Let me know, should at least one failover node be at the same geographic location as the other?

I am trying to prevent what appears to be a poor decision so any feedback or life experience you can share would be grand.

Will mostly be running Windows Server 2008 with SQL Server 2008 as our guest OS.

Edit: I'm talking about two physical machines, either right next to each other or on opposite ends of the country. One of them will be always in use virtualizing many servers, the other will be a replication of the first and only be used directly in the event that the first one goes offline.


Well, you really need to answer two questions:

  1. What's your budget?
  2. What is your RPO/RTO?

Yes, ideally you'd have some type of off-site infrastructure for DR, but implementation of that type of system gets complicated and expensive very quickly. If you have the money and corporate will to do this then by all means, do it. You'll likely need a SAN device at both sites, with volume replication running (probably asynchronously) from your protected site to your recovery site. Then you need to think about IP addressing, what DNS changes need to happen on failover, what firewall rules need to be changed, what LUNs need to be re-mapped to the recovery server, how clients will get access, do BGP advertisements need to change, etc.

As you can probably surmise, there are a lot of factors that play into this decision. With the information you've given, there's no way we can give you a "right" answer. You just really need to look at your budget, your uptime requirements, and management's expectations and make your own decision. There are consultants that specialize in exactly this sort of thing - if you're feeling overwhelmed by things, I'd recommend hiring someone to at least get you pointed in the right direction.

By "site failure", I mean "geographic site falls off the map". Usually this is caused by extended power outage, backhoe+fiber accidents, fire, flood, etc. You need to decide what you want to protect against and then clarify your question accordingly. – EEAA Feb 24 '11 at 16:19
With your recent update, I see that you are indeed trying to protect against a (geographic) site failure. As such, the points I raised in my answer are things you need to consider. – EEAA Feb 24 '11 at 16:28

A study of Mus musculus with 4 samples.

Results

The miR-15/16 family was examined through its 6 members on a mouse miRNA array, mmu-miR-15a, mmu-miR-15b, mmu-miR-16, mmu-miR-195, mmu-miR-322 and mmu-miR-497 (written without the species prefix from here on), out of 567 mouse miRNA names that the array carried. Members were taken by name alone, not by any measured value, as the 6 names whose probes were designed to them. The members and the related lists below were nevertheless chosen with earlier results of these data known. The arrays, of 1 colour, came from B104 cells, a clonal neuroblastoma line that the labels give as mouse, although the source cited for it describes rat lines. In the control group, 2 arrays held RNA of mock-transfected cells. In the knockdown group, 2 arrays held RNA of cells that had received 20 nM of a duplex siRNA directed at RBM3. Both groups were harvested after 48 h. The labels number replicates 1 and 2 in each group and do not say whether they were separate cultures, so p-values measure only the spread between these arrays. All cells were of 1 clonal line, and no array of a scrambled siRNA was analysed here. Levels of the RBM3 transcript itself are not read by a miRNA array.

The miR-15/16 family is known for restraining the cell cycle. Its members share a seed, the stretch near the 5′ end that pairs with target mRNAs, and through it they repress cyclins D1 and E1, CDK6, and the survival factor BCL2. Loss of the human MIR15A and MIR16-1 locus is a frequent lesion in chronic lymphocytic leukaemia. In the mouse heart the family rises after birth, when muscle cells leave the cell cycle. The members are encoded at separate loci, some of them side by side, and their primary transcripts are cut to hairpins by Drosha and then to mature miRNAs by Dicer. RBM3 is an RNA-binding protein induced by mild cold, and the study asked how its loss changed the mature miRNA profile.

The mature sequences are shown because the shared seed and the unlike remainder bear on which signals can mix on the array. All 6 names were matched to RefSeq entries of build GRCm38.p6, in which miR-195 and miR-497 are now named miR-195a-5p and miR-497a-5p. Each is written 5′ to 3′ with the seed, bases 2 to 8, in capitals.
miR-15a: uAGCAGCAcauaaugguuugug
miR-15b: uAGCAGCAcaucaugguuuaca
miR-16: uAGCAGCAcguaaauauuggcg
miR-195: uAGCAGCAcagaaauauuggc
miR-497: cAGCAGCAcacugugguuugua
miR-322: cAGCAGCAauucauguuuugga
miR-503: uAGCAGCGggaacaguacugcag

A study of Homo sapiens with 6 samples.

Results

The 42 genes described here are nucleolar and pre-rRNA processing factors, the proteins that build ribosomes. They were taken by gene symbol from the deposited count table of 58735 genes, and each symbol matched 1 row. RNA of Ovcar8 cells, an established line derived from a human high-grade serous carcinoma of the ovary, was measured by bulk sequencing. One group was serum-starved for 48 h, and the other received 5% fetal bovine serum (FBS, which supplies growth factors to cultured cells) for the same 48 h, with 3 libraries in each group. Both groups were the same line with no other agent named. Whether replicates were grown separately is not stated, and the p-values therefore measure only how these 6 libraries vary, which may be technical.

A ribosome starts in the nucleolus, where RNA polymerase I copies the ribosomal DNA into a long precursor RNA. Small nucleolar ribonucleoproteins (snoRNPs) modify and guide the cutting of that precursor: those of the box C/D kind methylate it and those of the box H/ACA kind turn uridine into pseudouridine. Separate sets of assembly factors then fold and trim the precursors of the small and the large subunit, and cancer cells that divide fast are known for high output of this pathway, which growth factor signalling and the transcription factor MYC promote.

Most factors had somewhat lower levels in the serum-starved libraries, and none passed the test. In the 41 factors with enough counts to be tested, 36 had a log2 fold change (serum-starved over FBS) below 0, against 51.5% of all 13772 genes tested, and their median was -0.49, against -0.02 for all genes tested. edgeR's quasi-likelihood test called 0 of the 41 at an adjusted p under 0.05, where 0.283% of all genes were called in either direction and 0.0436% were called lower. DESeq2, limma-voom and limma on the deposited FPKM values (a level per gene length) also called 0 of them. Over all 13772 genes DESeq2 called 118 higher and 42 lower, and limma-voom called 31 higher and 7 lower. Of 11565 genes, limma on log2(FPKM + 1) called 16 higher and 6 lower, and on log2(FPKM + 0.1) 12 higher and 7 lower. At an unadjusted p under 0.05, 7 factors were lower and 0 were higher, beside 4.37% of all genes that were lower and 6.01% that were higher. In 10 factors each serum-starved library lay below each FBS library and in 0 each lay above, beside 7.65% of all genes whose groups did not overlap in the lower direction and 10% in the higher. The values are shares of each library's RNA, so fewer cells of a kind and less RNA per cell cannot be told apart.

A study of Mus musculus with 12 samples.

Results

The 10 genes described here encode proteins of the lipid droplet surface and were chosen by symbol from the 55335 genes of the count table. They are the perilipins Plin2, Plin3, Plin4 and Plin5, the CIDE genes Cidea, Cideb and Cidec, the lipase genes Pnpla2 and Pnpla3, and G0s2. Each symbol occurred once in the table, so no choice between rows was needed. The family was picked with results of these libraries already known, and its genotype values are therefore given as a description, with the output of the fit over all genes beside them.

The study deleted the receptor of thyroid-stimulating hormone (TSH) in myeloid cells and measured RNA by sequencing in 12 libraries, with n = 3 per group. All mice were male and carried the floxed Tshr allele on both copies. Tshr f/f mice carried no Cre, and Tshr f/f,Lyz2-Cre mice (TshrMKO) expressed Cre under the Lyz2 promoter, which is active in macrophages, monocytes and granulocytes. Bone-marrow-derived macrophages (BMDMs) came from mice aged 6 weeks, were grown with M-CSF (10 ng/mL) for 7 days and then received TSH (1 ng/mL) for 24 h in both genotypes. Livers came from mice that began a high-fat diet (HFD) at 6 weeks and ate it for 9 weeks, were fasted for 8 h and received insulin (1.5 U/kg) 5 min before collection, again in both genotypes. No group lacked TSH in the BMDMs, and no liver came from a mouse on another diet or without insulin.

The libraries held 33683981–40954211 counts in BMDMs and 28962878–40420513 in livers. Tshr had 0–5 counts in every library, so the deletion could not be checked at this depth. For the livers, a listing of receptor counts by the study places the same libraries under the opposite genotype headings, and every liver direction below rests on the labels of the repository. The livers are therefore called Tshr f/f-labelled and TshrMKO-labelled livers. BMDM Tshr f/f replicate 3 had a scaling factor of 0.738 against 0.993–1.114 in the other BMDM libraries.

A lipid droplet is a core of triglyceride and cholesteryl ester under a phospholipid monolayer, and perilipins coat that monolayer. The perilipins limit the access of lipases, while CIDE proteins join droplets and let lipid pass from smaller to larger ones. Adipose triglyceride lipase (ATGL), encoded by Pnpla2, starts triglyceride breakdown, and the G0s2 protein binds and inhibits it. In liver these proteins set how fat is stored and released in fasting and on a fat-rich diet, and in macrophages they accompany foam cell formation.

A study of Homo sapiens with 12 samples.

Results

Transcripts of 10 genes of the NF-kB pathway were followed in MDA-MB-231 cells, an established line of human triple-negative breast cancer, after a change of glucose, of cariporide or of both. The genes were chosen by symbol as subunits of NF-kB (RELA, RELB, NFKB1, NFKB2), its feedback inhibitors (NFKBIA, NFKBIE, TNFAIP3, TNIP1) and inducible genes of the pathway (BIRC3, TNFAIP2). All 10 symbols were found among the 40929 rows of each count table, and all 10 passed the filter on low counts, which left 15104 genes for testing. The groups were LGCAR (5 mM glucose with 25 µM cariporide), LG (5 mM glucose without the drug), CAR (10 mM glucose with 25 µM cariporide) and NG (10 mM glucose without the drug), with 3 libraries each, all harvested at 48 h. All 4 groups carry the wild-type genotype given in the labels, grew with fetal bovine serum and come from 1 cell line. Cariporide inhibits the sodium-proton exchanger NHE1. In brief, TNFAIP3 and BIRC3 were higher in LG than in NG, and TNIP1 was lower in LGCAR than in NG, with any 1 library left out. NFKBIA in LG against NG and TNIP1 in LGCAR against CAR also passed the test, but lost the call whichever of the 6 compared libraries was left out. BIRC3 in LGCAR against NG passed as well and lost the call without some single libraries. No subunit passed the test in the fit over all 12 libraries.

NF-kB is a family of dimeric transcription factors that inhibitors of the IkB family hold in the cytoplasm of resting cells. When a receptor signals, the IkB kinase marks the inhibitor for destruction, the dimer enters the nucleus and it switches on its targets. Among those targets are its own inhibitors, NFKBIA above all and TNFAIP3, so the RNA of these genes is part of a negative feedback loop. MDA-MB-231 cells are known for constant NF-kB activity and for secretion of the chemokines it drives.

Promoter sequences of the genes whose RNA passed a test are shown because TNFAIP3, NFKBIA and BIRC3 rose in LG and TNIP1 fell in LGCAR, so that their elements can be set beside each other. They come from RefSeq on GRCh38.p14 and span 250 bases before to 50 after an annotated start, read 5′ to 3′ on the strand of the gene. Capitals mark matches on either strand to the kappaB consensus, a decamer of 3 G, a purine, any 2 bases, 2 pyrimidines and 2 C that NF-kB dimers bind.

@ErikA the main thing I am wondering is if having one single hardware machine in one datacent and one single hardware machine in another datacenter as the fail over is a feasible thing at all, regardless of if it is possible, wouldn't it be better for a hardware fall over to be in the next room? I'm mainly looking for any reasoning why it is or isn't OK to do have the only fail over machine in another state. – ioSamurai Feb 24 '11 at 18:45
@Ryan - as I've said multiple times. Failover infrastructure can be set up in any one of a thousand different ways. How yours needs to be set up is completely dependent on your needs. If all you're trying to do is protect from a single host failure, then yes, keeping the protected and recovery hosts in the same building is just fine. If you're trying to protect from the building getting burned down, though, then you'll need to look at implementing something off-site. – EEAA Feb 24 '11 at 20:40

How much money do you have and how much do you need the services on these boxes to be functional?

If you must have this service up at all times, then you need to have the two boxes 500+ miles apart and you need to have diverse gig connections between the two to keep them synchronized. And, of course, you have to have appropriate safeties in effect to prevent a master/master scenario (nobody likes 2 captain kirks).

Looking at the various failure scenarios, they're roughly in order:

  1. you botch things and the application goes down.
  2. some component on one of the boxes fails (power supply, disk, power cable, network cable, etc).
  3. some environmental factor affects the room it is in (this can be a fire or a network cable cut, or just a failed AC unit).
  4. some environmental factor affects the city it is in.

Each disaster is less likely than the one before it, and each protection against that disaster is itself both expensive and more likely to cause failure scenario 1.